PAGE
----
As the Lunar New Year approaches the wet markets in Taiwan are bustling with activity as people shop for supplies for the celebrations.
Taiwan didn’t really have strict lockdown measures last year and even now when a Covid case is discovered anyone who has been in contact with the person is asked to come for a test. The measures are thorough but localised.
“The wet markets are very busy, there is no noticeable downturn on trade,” according to Andrew Grantham from Kingfisher International, who is based in Taiwan. “It is the same at the wholesale markets although there is a lot of local produce on sale as well Japanese and Korean imports. The Taiwanese traditionally buy a lot from these countries. The Japanese products such as apples and strawberries are very expensive and are perceived as being very high quality and safe. People also buy these products as gifts for the Lunar New Year celebrations.”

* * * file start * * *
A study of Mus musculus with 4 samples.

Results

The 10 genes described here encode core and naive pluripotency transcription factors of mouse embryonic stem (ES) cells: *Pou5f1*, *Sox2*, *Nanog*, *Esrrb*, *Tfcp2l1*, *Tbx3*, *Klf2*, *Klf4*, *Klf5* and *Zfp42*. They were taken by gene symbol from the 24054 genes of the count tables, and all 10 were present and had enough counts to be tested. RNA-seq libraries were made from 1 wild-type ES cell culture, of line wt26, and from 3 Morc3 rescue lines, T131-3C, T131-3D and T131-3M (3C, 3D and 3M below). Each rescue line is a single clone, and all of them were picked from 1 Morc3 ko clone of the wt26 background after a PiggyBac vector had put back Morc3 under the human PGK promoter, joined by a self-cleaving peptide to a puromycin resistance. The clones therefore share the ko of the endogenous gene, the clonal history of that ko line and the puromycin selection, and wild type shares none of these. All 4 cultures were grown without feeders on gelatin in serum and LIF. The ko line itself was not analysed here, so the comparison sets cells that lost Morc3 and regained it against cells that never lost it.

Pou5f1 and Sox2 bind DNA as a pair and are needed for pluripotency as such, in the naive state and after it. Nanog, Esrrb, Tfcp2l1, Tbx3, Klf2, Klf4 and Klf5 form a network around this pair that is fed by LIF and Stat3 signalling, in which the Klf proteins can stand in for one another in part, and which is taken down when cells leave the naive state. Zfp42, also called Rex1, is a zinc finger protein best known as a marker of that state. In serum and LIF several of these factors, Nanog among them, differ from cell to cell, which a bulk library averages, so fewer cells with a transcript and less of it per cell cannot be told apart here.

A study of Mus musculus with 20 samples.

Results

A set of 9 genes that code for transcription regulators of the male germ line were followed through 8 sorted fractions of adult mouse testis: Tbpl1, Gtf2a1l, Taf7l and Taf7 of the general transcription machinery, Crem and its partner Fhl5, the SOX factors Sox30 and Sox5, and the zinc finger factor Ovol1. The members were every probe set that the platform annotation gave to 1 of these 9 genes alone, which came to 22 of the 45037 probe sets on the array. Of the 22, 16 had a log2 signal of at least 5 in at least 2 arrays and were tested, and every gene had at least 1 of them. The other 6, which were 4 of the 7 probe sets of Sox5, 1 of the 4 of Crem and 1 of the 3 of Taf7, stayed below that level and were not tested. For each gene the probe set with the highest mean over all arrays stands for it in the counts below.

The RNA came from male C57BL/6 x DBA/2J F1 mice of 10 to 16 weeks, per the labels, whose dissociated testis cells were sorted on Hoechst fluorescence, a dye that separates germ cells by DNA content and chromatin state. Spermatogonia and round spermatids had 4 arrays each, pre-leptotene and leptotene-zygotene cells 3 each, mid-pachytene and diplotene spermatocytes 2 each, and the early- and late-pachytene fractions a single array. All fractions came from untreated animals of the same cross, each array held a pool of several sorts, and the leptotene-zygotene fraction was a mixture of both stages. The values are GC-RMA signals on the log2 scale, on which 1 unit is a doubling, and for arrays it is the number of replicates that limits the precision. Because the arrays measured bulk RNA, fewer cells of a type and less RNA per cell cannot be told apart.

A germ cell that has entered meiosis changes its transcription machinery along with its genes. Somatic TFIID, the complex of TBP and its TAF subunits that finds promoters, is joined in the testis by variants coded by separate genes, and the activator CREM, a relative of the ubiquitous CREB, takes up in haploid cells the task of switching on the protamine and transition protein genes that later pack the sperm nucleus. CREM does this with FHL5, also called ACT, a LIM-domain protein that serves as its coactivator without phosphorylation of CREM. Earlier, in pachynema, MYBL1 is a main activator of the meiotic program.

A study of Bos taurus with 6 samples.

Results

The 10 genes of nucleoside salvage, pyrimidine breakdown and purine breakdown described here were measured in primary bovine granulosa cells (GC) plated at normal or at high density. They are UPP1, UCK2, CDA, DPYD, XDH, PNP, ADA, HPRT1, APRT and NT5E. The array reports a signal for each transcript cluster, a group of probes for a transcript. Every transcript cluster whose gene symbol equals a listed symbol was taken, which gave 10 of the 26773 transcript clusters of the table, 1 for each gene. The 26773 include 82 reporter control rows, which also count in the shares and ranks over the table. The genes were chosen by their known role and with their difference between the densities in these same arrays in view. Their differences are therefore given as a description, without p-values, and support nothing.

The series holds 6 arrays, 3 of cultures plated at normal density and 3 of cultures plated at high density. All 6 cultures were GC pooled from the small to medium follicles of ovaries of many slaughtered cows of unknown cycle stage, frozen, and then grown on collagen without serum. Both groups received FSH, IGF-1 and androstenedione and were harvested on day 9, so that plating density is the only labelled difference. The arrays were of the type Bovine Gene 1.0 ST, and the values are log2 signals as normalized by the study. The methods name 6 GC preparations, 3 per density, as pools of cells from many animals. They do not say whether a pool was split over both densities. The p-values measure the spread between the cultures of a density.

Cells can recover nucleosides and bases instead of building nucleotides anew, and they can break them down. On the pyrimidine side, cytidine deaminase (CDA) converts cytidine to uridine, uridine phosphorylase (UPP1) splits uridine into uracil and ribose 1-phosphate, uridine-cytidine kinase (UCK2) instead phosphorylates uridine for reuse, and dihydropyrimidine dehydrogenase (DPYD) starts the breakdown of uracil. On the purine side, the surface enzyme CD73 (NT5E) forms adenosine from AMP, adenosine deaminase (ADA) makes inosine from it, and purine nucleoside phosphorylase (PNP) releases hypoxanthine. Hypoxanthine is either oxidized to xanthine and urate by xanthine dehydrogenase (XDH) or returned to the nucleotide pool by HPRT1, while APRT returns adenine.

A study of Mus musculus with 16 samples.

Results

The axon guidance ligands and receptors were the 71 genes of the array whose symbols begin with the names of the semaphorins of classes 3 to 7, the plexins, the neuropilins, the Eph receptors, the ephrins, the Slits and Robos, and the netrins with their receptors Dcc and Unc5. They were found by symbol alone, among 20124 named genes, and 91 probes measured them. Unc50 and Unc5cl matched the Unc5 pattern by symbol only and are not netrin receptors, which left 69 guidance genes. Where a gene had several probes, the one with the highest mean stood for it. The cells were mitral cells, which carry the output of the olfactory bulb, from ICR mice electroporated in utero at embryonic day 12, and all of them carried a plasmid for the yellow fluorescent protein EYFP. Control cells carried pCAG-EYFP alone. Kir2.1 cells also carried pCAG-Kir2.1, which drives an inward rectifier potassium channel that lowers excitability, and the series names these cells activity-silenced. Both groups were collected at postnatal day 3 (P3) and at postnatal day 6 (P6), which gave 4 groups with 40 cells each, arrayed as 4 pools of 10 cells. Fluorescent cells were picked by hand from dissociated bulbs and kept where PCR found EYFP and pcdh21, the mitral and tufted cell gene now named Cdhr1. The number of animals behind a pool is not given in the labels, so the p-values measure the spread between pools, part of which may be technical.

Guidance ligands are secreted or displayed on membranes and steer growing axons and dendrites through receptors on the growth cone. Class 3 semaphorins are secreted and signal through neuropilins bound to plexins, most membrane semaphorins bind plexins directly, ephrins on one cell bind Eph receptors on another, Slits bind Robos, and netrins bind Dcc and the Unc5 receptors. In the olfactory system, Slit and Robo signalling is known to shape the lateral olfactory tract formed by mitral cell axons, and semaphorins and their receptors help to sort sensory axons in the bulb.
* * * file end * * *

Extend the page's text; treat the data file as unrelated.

Japanese apples can cost as much as £70 for 12.
“In other Asian markets Malaysia for example, demand for expensive imported fruit and vegetables has decreased, this could be because of lockdown and people not being able to work so they have less income so they will choose the cheaper local products. Imported produce has also become more expensive for a variety of reason including higher shipping costs.”
Shipping rates from Asia to Europe and the US have increased and getting guaranteed space on a vessel is challenging. Customs inspections are taking longer at the ports due to staff shortage and Covid measures.
“The whole industry faces a variety of challenge at the moment, be it getting labour for harvesting, transport availability and rates or less demand for imported produce in the markets.